One of the United Arab Emirates, Dubai has seen its fortunes swing in recent times, down during the Great Recession, to its current glory as an ultra-modern cityscape of what some might call ludicrous proportions. With a massive community of expats among its population – there are more Indians in Dubai (at about 45%) than Arabs (30%), for instance – most of the people you’ll meet speak English, if not as a first tongue as a near-fluent second.
A couple of obscure facts.
The climate – a dry heat – is best enjoyed during the winter. At Abu Dhabi, over 100 km from Dubai, it was chilly enough, one morning out of an entire week in the region, to constitute weather similar to Ireland. But otherwise the heat was noticeable and constant. However, some claim that they don’t tan as well under the UAE sun regardless of the time of year. Perhaps the lack of tanning power is a result of the sand in the atmosphere, or some other phenomenon, but people note that their skin colour takes longer to change.
Many of the dairy products in Dubai might not be as big a problem for those who don’t enjoy milk. Given its lack of arable land, anecdotally, people speculate that grain-fed cows often produce the milk, rather than grass-fed. A campaign promoting the grass-fed cows of one dairy producer proved the point to our lactose-intolerant friends. (They didn’t like it.)
You won’t know you’re in the desert if you’re in the city. With well-maintained greenery throughout, it’s only at building sites or at roadworks where you’ll notice the natural sands beneath the concrete or asphalt surfaces.
An old part of the city can be accessed across water. The boat journey comes at a cost of one dhiram (about 30 cents). Given that access to the top of one of the world’s tallest skyscraper comes at thirty or forty times the price (and that’s if you’re frugal and have the time to take advantage of deals or coupons), the saltwater creek journeys (on flat-decked boats called abras) are an awesomely cheap and enjoyable public transport service.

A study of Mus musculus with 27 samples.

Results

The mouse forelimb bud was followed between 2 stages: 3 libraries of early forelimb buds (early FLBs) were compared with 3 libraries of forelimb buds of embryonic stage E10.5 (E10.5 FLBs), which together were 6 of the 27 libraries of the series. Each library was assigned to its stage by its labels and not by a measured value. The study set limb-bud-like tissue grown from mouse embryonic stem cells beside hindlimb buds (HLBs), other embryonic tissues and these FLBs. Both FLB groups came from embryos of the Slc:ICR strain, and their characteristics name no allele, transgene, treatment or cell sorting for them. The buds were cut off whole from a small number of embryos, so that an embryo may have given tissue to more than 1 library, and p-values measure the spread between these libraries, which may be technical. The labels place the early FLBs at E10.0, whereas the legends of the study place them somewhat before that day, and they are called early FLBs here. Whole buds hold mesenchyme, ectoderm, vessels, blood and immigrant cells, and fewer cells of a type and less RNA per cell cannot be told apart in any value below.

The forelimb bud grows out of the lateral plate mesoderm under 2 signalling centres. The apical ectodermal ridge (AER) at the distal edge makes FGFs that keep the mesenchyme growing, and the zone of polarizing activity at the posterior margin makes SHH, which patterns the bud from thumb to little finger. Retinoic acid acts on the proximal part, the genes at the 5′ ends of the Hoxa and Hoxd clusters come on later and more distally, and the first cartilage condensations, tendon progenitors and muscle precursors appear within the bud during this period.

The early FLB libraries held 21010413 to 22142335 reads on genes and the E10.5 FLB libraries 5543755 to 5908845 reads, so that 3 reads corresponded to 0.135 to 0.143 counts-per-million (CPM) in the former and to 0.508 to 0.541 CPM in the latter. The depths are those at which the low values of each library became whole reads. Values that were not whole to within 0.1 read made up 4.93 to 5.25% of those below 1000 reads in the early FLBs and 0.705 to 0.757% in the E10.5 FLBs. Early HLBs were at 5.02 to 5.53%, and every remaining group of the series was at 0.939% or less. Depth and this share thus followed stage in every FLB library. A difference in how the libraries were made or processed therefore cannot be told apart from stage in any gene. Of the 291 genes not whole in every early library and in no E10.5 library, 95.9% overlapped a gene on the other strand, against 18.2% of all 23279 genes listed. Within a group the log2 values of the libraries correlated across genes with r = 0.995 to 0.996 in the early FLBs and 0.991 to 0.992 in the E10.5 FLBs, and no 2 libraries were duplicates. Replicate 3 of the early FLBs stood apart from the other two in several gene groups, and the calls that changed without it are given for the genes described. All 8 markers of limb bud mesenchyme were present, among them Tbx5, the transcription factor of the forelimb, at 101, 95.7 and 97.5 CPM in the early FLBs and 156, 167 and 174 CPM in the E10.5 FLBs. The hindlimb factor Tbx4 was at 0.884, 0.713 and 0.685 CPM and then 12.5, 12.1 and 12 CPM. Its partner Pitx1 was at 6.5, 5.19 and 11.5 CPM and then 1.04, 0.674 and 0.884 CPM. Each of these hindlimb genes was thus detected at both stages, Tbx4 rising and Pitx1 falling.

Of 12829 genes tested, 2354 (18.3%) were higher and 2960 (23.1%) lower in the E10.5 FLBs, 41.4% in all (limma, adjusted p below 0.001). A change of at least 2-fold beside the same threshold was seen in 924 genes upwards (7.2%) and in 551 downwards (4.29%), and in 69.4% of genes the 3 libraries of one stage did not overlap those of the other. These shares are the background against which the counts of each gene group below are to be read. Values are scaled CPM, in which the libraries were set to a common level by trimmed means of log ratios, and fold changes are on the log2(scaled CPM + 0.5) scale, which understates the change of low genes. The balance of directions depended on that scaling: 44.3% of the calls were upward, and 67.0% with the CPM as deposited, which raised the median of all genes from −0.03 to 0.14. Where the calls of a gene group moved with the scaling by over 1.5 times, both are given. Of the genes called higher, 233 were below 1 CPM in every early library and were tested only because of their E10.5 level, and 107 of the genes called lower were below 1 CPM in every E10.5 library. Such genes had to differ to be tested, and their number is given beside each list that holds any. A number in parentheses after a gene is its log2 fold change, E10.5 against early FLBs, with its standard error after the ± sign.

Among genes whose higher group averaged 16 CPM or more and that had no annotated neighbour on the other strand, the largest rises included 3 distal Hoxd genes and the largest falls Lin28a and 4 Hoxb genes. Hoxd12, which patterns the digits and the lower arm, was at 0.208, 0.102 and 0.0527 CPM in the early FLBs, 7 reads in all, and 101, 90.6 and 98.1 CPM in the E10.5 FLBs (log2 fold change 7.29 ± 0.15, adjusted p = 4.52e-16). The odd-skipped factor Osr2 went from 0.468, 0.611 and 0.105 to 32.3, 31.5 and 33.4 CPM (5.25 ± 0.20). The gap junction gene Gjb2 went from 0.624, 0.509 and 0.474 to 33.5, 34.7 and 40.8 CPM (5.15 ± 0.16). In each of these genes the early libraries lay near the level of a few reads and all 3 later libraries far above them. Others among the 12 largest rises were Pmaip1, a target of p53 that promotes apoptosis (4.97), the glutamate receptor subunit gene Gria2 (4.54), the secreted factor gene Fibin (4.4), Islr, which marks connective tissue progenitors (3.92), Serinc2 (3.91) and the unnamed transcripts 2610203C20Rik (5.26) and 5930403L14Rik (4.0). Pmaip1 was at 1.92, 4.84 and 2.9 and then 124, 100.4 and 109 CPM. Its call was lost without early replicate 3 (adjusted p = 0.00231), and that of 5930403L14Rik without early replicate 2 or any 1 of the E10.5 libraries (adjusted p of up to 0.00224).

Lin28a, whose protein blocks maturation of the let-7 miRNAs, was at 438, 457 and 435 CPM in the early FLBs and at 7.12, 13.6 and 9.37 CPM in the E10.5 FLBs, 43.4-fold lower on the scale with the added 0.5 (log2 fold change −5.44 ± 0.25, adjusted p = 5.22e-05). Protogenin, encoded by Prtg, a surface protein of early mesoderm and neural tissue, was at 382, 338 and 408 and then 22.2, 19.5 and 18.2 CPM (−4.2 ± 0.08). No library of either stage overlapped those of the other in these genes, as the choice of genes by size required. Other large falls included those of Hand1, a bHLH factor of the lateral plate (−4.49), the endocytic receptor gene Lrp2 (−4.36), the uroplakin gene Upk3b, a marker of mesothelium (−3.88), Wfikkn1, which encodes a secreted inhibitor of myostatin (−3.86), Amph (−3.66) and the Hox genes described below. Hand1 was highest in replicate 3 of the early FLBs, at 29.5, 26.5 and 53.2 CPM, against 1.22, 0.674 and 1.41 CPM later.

Once you reach this old quarter, a museum there provides details of the history of the region. Fishing, smithing, jewellery-making and pearl collecting have an ancient provenance in the area. Pearl collectors required big lungs, staying beneath their boats for minutes at a time to gather their oysters or gems, and (as with many industries) were paid a fraction of the pearl’s ultimate market or retail value – even a fraction of what the boat owner usually earned. Evidence of blacksmiths and pottery dates back to pre-Muslim and Christian times.
Although sporadic, with the port itself no more than a few centuries old, there has been a human presence around Dubai for millennia. Given its location on the gulf, traders have been selling jewellery, spices, and fish in the area for a long time. There is a pseud0-traditional market (or souk) in the old quarter, and numerous authentic restaurants that are worth checking out. With the exception of this old quarter of the city, which has fewer skyscrapers, there are high rises throughout Dubai.
The Burj Khalifa, among the world’s tallest buildings, was given a bailout during the time of its construction by fellow Emirate and neighbour Abu Dhabi. The building was renamed Khalifa in honour of the then president of the UAE and Abu Dhabi’s ruler. The views from the top floors of this building, which employs high-speed and ear-popping elevators, are astounding
At nightfall (about eight pm local time, running every half hour or so) the water on one side of the structure provides the platform for a music and light show, which – although something of a gimmick, is also very impressive and a wonderful way to spend an evening.